What do I say to people who don't believe the Bible is God's word?

by Matt Slick

 

There is no easy answer to this question because it depends on the person and the situation.  No single answer works every time.  Therefore, you must first ask questions and discover what the person believes before you start defending the Bible.  Ask if the person is an atheist, a Muslim, a skeptic, or an agnostic.  Ask if he believes in evolution, aliens, or nothing.  Ask if the person believes in God.  If so, which kind?  Does he believe that God is in us all, or that God is part of the universe, or if God is a personal being.  You have to ask questions before you begin teaching.  You must first find out what the person's assumptions are and then tackle those assumptions.  You must prepare the ground before planting the seeds.  See if the person's assumptions are logical or not.  See if they agree with the facts concerning history, the Bible, Christianity, or other topics.  Find out if the person is just being difficult or actually wants to talk.  All of these things are important and affect how the conversation will go.

Take an atheist, for example.  He won't believe the Bible is the word of God because he doesn't believe in God.  So, you first have to discuss the issue of God's existence.  A Muslim, on the other hand, believes in a god but will undoubtedly bring up alleged contradictions in the Bible in an attempt to discredit it.  A Hindu might not even know what the Bible really is.  A Buddhist really doesn't believe in a God, so that is a hurdle you'd have to get over.  You must ask questions to find out about the person.  Here's a brief outline of how to do this:

  1. Ask about the person's beliefs:  Does he believe in God or not?
    1. If the person does not believe in God, then you must discuss this before getting to the Bible.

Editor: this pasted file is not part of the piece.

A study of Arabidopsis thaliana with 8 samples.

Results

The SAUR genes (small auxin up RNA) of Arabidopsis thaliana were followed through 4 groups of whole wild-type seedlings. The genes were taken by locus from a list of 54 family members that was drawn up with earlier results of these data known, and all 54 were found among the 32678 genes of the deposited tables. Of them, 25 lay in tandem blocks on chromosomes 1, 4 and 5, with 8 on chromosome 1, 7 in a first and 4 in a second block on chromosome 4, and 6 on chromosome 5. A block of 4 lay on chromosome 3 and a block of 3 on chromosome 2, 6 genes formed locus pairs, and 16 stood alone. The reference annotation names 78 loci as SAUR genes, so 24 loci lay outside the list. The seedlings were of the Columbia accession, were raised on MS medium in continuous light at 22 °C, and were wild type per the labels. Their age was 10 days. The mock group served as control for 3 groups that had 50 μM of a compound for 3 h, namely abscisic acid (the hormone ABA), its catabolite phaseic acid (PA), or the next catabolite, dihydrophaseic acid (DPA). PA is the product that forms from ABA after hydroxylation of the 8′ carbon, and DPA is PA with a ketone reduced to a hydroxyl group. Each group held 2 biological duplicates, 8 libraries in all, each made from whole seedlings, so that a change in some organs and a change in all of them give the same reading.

2. If the person believes in God, then...
  2. Ask what religion the person is:  Buddhist, Hindu, Muslim, Mormon, etc.
  3. Ask why the person does not believe the Bible is the word of God.
  4. Ask "why" to the answer.  Sometimes it is good to repeat the answer in the form of a question.  For example:
    1. If the person says the Bible has contradictions, ask "Why do you believe the Bible has contradictions?" or "Do you have any examples of contradictions?"
      1. If the person gives you some, then examine the texts to see if it really is a contradiction.  If you don't know the answer, say you don't, do some research, and provide the answer later.
    2. If the person says he just doesn't believe it is God's word but doesn't have any real reason, then ask "Why not?  Do you have any solid reasons for this?"
      1. Listen to the answer and ask more questions.  Learn more.
  5. Examine the answers given to you to see if they are illogical, inaccurate, or emotional.
    1. Illogical:  Sometimes peoples' criticism of the Bible is not rational.  For example, someone might say that the Bible can't be God's word because it is ancient.  But being ancient doesn't mean it isn't from God.
    2. Inaccurate:  Sometimes people have inaccurate information about the Bible.  For example, someone might say that it is nothing more than fictional stories, or that it has been changed so much it can't be trusted.  But the truth is that it is not fiction and it has not been changed.
    3. Emotional:  Sometimes people just hate religion, God, or anything that imposes morals.  Other times people hate the idea that Jesus is God in flesh, or that He is the only way to salvation.  Emotions must not be brushed aside.  Listen to their responses and gently correct and point people to God.